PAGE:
L. Michael Morales. Exodus Old and New: A Biblical Theology of Redemption. Essential Studies in Biblical Theology. Downers Grove: IVP Academic, 2020. 207 pages. $22.00 (Paperback).
The Exodus of God’s people out of Egypt serves as not only the backdrop for their history, it helps us fully understand the realities accomplished by Jesus’ death and resurrection. In this addition to the Essential Studies in Biblical Theology, L. Michael Morales, Professor of Biblical Studies at Greenville Presbyterian Theological Seminary, looks at the historical Exodus as the “archetypal expression of Israel’s future hope.” (4)
Morales divides his argument into three parts. Part 1 looking at the event of the Exodus: God’s people called out of Egypt. Part 2 looks at the pattern provided by this key event in Israel’s history and how this pattern resurfaces as the biblical writers foresee a second exodus. The book culminates in part 3 with the new exodus inaugurated by Jesus the Messiah.
Looking closer at part 1, we encounter a theologically rich argument for the use of the Exodus theme prior to the historical event. Morales traces the theme of exile from the Garden of Eden to the tower of Babel and including exile of Cain into the world. Each of these events set the stage for “God’s solution” (15) which is to call a people to himself to live in perfect harmony. Morales furthers this argument, showing the exilic language in the calling of Abraham and the slaying of the Sea Dragon. This section culminates in the introduction of the Passover, or “the heart of the Exodus” (66). The Passover unifies the mentions of exile thus far in the biblical narrative. Morales states: “Such a momentous paradigm shift served to define Israel’s deliverance out of Egypt as inaugurating a new beginning, not merely in terms of a fresh but as a new creation” (67).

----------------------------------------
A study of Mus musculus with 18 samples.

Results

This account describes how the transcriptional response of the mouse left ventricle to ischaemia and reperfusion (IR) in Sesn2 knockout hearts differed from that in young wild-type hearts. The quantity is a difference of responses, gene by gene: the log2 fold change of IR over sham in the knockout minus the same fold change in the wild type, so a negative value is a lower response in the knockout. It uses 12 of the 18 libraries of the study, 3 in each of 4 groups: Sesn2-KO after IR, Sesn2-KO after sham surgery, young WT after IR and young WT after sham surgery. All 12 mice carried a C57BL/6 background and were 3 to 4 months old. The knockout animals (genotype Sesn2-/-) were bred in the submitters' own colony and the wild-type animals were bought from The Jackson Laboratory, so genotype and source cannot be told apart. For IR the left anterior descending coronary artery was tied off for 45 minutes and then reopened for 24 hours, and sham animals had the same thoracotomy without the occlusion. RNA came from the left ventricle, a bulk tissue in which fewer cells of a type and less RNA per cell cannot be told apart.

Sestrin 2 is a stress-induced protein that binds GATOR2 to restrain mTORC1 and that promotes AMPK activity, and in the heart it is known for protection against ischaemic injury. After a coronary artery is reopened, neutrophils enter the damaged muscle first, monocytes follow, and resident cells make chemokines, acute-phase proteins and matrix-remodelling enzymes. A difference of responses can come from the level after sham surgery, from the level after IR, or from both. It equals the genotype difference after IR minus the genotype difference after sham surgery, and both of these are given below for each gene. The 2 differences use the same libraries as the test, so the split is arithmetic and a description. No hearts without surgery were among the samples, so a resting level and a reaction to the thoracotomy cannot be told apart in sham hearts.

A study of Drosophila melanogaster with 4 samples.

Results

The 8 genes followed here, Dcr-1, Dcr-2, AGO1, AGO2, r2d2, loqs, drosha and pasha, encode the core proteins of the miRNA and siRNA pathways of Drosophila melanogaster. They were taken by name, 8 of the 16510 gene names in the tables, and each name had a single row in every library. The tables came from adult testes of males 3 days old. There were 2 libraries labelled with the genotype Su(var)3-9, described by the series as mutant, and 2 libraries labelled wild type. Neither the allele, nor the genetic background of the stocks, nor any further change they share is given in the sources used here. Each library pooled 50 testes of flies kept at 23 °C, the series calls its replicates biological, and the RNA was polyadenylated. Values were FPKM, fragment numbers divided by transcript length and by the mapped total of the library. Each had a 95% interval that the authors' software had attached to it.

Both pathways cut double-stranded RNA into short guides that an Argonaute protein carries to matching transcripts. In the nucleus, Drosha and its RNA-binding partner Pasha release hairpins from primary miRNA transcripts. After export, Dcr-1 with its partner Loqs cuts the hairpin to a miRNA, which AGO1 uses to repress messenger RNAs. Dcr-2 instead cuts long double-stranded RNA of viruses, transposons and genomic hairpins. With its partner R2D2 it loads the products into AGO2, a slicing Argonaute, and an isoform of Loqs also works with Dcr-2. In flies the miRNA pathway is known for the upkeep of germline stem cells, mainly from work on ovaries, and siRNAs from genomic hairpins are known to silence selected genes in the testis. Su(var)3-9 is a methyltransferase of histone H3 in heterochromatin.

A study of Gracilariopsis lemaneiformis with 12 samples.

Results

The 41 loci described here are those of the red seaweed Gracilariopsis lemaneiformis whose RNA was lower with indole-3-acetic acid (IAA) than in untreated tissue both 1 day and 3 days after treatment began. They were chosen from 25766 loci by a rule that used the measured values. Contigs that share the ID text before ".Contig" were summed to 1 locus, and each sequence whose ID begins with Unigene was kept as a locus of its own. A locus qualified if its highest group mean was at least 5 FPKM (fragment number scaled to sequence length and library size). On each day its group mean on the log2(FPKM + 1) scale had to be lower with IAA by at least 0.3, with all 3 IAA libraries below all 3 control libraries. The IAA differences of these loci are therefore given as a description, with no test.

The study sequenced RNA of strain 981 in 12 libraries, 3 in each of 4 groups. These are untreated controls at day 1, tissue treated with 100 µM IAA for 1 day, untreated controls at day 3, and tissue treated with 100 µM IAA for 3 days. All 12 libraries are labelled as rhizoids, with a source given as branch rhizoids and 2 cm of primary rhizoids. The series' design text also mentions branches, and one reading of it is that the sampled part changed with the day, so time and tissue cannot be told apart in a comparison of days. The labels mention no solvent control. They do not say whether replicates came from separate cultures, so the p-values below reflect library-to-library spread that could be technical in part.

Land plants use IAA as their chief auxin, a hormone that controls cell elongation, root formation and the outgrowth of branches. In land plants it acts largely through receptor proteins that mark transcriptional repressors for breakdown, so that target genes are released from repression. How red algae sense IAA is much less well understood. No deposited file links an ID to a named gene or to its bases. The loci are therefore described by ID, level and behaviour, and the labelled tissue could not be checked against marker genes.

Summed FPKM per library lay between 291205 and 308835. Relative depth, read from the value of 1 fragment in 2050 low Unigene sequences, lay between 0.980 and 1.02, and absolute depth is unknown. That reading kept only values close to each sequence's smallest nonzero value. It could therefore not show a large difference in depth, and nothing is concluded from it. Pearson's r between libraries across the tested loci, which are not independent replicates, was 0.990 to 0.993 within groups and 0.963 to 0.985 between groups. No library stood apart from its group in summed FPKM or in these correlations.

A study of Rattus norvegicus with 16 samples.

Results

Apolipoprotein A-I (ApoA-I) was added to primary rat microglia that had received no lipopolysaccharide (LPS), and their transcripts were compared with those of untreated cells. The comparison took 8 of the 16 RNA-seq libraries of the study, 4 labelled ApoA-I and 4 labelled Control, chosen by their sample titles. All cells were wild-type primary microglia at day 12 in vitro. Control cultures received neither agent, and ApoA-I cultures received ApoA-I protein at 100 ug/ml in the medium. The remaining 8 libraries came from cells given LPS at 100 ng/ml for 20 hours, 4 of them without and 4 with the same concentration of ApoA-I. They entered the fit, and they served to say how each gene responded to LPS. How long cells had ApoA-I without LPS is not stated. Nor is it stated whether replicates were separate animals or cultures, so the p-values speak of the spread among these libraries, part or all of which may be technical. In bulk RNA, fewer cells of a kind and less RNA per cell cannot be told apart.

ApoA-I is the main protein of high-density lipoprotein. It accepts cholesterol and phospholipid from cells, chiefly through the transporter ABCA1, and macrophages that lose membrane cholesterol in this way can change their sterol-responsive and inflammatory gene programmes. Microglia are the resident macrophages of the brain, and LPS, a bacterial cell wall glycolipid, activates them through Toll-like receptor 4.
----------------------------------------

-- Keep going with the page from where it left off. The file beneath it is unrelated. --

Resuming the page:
In part 2 Morales highlights the triad pattern of exodus in sacred history: (1) redemption, (2) consecration, and (3) consummation. This pattern resurfaces repeatedly throughout the prophetic writings as the prophets of God’s people “declared that the whole pattern of sacred history would be repeated” (117). In other words, there will come a time when a new exodus leads to the consecration of a new people, and life in a new land with Yahweh where God and man can dwell together in harmony once again. But unlike the first exodus, this second exodus will be greater than the first. The prophetic language heightens the historical exodus and reveals that this second exodus will bring glory to Yahweh’s name from all nations; bring a new Moses in the lineage of David; bring a visitation from Yahweh, prepared for by an Elijah-like prophet; an outpouring of the Spirit; and a resurrection from the dead (123-131). In part 3, Morales offers the crescendo of his argument: the messianic shift in the prophets finds its culmination in the death and resurrection of Jesus. Through Jesus, God’s people are called out from sin and bondage, into a covenant relationship with him, and will dwell with him forever in perfect harmony.
Morales offers an in depth and captivating survey of the biblical storyline and makes a compelling argument for the Exodus motif in both the Old and New Testaments.
Eddie LaRow III is a Ph.D. Student in Biblical Theology at Midwestern Baptist Theological Seminary.